By Kathleen Vanesian
By Amy Silverman
By Robrt L. Pela
By Jim Louvau
By Kathleen Vanesian
By Benjamin Leatherman
By New Times
By Becky Bartkowski
In the bumpy 1960s, a number of irascible artists reached the neo-Dada conclusion that an "installation" could be something other than a military depot with radar, missiles and rusting weapons from earlier wars. It could be a room filled with unlikely materials and even more unlikely experiences in the arts.
What mattered more than the whirring gizmos, auras of light, heaps of refuse, or scraps of cloth that artists assembled and arranged--or not, as was often the case--under the guise of installation art was their exuberant gesture against the status quo.
Their loud aim was to undermine the conventions for making and exhibiting art and, ultimately, to unseat collectible objects as the primary sources of visual art.
The two flawed installations under the heading "Double Vision" at Galeria Mesa are hardly in this spirit of anarchy. If anything, their mundane, institutional character indicates just how far into the bowels of cultural acceptance the concept of art installations has moved over the years. What had been a guerrilla assault on artistic standards has become just another way of getting some fairly ho-hum messages across.
The messages in these works created by Tucsonan Gail Hewlett and the local team of Laurel Hunter and Paul Stout are strikingly literal and contain what graduate seminars might characterize as scientific themes.
Hewlett's "The Elements" draws heavily from her observations as a former biochemist of the differences between artistic and scientific interpretations of the world. The largest feature in her scene is a game-show-like puzzle of 49 15-inch squares--seven rows of seven--hanging from the ceiling. The gray-scale tone of the assemblage shifts black to white from top to bottom on one side, then reverses white to black on the other. Skeins of color squiggle throughout, and a good deal of verbiage and written symbols have been thrown in to further complicate the mix. Eleven of the squares contain spindles that pose images of pensive people with chemical symbols and their atomic weight from the periodic table of elements.
Hewlett plays out this contrast between the nature of man and the nature of science in four smaller side panels. They contain more vague pictures of people, scientific symbols and equations, and quotes from Aristotle's ruminations On the Heavens, which offer the ancient view that the world was composed of fire, water, earth and air.
Hewlett obviously put a good deal of thought into this piece. Talking to her, one gets the feeling that "The Elements" is the tip of a larger mass of ideas about the differences between the language of science and that of art.
"We are programmed to believe that science is just objective and analytical," she says, "that there is no emotion concerned with it, and that art touches every heart, pushes every button, grabs at every gut. Yet there are times in scientific work when your heart just leaps, when you know something works."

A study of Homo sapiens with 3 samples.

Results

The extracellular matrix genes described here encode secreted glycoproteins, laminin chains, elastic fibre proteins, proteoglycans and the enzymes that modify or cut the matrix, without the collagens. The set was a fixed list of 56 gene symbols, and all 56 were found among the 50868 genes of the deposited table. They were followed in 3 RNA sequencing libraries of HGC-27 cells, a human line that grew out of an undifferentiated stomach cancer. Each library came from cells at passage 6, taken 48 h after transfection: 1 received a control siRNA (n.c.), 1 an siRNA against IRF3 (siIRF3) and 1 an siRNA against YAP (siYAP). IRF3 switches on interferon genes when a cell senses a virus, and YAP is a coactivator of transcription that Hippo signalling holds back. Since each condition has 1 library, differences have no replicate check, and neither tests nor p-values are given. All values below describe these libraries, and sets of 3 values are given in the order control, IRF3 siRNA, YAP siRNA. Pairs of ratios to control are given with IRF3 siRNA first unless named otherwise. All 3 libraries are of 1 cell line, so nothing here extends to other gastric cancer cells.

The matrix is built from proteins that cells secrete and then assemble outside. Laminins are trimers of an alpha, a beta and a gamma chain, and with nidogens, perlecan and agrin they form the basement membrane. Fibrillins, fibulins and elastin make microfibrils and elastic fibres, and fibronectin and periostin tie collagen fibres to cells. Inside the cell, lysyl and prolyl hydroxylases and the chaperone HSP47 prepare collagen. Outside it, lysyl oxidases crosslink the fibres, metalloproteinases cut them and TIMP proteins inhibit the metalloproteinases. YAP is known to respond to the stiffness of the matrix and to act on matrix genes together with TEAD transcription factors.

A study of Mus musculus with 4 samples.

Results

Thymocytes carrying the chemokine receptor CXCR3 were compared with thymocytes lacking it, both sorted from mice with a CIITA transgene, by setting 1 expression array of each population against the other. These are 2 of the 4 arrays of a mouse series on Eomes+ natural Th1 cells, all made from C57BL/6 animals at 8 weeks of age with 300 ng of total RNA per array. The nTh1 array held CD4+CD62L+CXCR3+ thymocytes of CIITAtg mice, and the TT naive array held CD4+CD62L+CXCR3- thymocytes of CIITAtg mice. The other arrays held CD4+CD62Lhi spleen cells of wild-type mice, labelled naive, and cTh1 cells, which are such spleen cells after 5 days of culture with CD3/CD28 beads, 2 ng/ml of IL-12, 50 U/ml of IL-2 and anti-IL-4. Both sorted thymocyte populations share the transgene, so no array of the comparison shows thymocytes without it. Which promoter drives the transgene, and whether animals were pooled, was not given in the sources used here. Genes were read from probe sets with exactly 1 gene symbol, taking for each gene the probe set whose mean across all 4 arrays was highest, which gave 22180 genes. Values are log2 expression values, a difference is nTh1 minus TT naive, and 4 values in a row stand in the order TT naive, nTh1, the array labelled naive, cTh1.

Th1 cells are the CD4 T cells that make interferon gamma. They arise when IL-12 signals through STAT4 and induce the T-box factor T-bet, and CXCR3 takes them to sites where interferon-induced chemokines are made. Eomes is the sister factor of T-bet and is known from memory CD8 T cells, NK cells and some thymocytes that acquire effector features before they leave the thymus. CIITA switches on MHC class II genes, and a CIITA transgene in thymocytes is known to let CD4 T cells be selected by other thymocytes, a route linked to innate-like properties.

Hewlett's convinced that the experience of elegance and beauty associated with this well-known "Eureka!" belongs as much to science as it does to art; that the periodic table is an ideal expression of this; and that her installation is something of an ode to the contrast between the elegant order of the table and the evident disorder of human affairs.
Nice thoughts all. But the term-paper efficiency of the installation is numbing. Not because the piece is what Hewlett characterizes as a "think piece"--what artist doesn't do think pieces?--but because there's little here but a smattering of messages: scientific order versus human chaos, the unpredictability of human relations and probably several more.
There are no visual conundrums, no spatial, atmospheric or material intrigues, nothing to engage the eye--and then the mind.
The problem is not just Hewlett's. Too few installation artists have, for example, James Turrell's knack for commanding the space and materials of their installations. Too many suffer from the academic notion that tidy ideas or messages mean more to visual art and meaning than vital experiences do.
Laurel Hunter, a graduate printmaking student at ASU, and Paul Stout, who recently completed his undergraduate studies there in sculpture, suffer a bit from the same affliction. But the larger problem with their "Spinnerette" is that their silkworms died.
"Even though Paul's more of a butterfly/insect man," says Hunter, "he actually had been thinking about doing something with silkworms. I knew whatever we did would have to say something about moths. I guess you could say I'm sort of obsessed with them right now."
"Our plan was to raise a small colony of silkworms," says Stout, "and have them spinning their cocoons in these small habitats in the gallery."
The natural silk produced by domesticated worms was intended to pose an interesting contrast to the manmade silk that Stout's spinning machine issues from pucks of hot melt tool wrap--the plastic goop you find on the tips of new router bits and other tool blades.
Sometime in July, the pair ordered 38 bucks' worth of silkworm eggs--about 100--from Carolina Biological Supply and tried to make them as comfortable as silkworms could be in a swamp-cooled studio in Arizona.
"But I think the heat got to them," says Stout. "The humidity was about 50 to 60 percent. The temperature was about 86 degrees, but it went above 86 a couple of days. And that might have done it."